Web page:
The drastic drop in Nigeria’s unemployment rate from 33.3 percent to 4.1 percent as recently published by the National Bureau of Statistics (NBS) can only be described as a miracle. It would suggest there is now an abundance of jobs for Nigerians who are able and willing to work.
But the reality of Nigeria today does not support this. Even as the NBS has now suggested unemployment in Nigeria is now comparable with developed economies like the United States with an unemployment rate of 3.4 percent and the United Kingdom (4.2 percent), poverty in Nigeria plagues over 60 percent of the population.
The Nigeria Labour Force Survey (NLFS) puts Nigeria’s unemployment rate at 4.1 percent in the first quarter of 2023 and 5.3 percent in Q4 2022. This is odd for many reasons, and one of these is that the first quarter of 2023 was a chaotic period for the Nigerian economy. The cashless policy with its unintended consequences saw businesses shutting down and the accompanying job losses that followed. Economic activity slowed down in what is a largely cash driven economy, yet the NBS suggests more jobs were created as unemployment declined in that quarter.
While the NBS has tried to emphasise that statistics due to a new methodology is behind this outcome, the disparity between this data (and how it was obtained), from the reality in Nigeria makes the whole process flawed. The NBS said last year that 63 percent or 133 million Nigerians were living in multidimensional poverty. Inflation pushed an estimated four million more Nigerians into poverty in the first five months of this year, the World Bank said in June. But how is Nigeria such a poor country and with low GDP growth when there are so many jobs?
Until about 10 years ago, the NBS did not have much of a reputation for credibility, and was just another agency of the government claiming to be working. But it was mostly seen as a mill for propaganda statistics and data with no bearing to real life situations in Nigeria.
The hard-won credibility of the NBS is at stake today, as it appears determined to return to its dark days of being a propaganda tool for the government, rather than a trusted source for data on Nigeria’s realities. To be clear, decline in unemployment is something we look forward to. We in fact, dedicate our editorial strength towards ways that more jobs and economic prosperity can be achieved through our reportage. However, a mere paper-based and statistically unreasonable declaration of a drastic decline in unemployment is not something we intend to cheer about.
The hard-won credibility of the NBS is at stake today, as it appears determined to return to its dark days of being a propaganda tool for the government, rather than a trusted source for data on Nigeria’s realities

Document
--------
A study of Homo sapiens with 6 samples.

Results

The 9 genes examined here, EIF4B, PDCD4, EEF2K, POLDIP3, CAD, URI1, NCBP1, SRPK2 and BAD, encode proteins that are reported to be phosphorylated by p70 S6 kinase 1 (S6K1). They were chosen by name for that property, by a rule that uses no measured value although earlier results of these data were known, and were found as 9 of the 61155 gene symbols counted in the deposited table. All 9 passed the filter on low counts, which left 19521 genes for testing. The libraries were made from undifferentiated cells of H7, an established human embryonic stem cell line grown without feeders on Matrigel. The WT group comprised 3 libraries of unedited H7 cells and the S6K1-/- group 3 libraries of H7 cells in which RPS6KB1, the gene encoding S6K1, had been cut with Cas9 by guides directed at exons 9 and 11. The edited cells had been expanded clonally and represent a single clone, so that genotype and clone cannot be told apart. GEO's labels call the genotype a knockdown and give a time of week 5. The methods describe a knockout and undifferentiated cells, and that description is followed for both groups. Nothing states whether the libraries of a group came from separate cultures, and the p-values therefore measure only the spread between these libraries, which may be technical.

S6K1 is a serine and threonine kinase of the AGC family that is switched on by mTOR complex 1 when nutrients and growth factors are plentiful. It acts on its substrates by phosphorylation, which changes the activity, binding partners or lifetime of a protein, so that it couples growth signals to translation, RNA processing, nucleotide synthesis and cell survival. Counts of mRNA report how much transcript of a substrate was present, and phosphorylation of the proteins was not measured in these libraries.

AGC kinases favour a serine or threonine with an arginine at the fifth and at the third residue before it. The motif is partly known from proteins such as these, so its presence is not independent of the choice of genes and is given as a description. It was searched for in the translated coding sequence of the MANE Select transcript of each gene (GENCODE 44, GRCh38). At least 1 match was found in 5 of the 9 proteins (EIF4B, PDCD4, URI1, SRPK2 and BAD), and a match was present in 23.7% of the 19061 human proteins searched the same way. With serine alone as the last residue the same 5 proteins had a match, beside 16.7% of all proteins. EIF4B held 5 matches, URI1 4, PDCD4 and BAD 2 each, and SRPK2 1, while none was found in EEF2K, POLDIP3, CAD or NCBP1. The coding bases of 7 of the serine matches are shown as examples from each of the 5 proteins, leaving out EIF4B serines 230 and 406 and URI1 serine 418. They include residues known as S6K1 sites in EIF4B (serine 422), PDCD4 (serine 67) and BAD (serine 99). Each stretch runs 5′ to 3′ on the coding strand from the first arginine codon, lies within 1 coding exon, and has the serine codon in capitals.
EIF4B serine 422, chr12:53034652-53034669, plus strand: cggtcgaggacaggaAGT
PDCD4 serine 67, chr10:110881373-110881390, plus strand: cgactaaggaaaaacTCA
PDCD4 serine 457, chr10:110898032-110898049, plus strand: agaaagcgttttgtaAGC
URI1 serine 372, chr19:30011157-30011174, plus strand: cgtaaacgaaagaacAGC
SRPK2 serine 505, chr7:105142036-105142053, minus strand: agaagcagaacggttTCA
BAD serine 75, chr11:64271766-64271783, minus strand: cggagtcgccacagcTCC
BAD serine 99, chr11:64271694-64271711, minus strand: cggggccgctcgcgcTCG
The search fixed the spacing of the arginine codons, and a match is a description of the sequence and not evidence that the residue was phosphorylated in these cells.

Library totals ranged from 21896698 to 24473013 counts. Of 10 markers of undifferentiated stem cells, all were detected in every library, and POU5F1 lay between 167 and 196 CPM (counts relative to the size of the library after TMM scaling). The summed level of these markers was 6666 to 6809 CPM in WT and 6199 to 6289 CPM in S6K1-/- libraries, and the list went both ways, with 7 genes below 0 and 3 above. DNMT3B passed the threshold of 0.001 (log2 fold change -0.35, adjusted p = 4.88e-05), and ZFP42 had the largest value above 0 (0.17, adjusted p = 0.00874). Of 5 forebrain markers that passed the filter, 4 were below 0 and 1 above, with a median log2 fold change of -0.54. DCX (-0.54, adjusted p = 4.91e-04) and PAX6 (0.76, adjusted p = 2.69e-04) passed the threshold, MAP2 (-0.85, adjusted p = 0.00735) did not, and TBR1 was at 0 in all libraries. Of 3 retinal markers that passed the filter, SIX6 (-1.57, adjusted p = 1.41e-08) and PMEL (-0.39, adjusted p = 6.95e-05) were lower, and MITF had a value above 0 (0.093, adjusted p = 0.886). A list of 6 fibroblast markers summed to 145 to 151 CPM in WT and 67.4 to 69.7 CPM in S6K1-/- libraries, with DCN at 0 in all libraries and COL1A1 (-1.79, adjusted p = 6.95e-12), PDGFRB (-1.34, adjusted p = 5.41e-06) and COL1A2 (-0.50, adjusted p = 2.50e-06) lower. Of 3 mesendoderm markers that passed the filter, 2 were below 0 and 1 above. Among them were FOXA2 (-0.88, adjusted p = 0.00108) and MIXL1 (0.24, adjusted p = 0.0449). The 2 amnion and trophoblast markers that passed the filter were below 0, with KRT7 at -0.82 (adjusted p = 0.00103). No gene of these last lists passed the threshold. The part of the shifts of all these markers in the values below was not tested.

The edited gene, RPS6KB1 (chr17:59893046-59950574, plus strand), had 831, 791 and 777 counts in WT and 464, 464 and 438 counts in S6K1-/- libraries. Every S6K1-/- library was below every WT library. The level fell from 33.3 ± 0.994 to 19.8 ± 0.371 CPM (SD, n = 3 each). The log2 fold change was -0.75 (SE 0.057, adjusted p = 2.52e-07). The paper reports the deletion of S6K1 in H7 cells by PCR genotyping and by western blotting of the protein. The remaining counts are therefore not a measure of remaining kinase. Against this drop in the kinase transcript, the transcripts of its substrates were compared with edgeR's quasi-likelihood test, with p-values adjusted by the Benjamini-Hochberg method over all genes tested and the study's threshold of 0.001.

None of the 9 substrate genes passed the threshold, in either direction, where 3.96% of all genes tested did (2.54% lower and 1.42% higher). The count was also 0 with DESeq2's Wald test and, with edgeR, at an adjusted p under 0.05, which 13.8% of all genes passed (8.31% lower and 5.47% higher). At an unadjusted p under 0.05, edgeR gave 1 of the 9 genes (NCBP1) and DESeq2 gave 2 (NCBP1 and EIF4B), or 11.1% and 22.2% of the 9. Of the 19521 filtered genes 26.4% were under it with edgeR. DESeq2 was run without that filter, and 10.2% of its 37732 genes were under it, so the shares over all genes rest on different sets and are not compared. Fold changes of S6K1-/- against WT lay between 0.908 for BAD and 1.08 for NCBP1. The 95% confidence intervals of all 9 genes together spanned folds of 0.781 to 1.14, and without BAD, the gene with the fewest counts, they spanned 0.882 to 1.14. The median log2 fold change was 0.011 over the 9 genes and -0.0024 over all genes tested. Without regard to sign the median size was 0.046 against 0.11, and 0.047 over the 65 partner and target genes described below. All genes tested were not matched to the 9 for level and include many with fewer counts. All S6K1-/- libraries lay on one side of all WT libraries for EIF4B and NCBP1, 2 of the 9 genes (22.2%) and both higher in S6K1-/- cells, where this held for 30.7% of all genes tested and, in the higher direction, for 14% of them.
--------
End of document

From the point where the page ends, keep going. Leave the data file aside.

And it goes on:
The LFS, which is a quarterly survey designed with the objective to produce official national statistics on the labour force, employment and unemployment for monitoring and planning purposes, was delayed for almost two years. After the long wait without up-to-date unemployment figures, this is what the NBS has to show for it. Most ridiculous is the definition of employment as working for a minimum of one hour in a week.
During the launch of the NBS report in Abuja, Adeyemi Adeniran, statistician general of the federation, said it was an outcome of a recalibration in methodology using standards set by the International Labour Organisation (ILO) and not necessarily that the government had performed better, as BusinessDay reported. But this as we have reported, has been faulted by many Nigerians and analysts. Those who spoke to BusinessDay say it does not reflect current realities, and could send wrong signals to policymakers.
Nigeria’s Inflation has accelerated to 24.08 percent in July, a new 17-year high, according to data from the same NBS, with the country grappling with double-digit monthly digit inflation since 2016.
The situation has accelerated poverty in Africa’s most populous country with 63 percent of Nigerians (133 million) living in multidimensional poverty. But overnight, NBS has literally become the megaphone of the government to create an impression, albeit false, that things are not so bad in Nigeria, even if it wouldn’t go as far as saying they are working well.
We want to sound a note of warning to NBS and those in government that they should resist the temptation to manipulate statistics for optics and political gains. If things are working, they would be evident for all to see. And when things are not working, then embracing the reality is the only way the country can develop the right policies and strategies to get them right.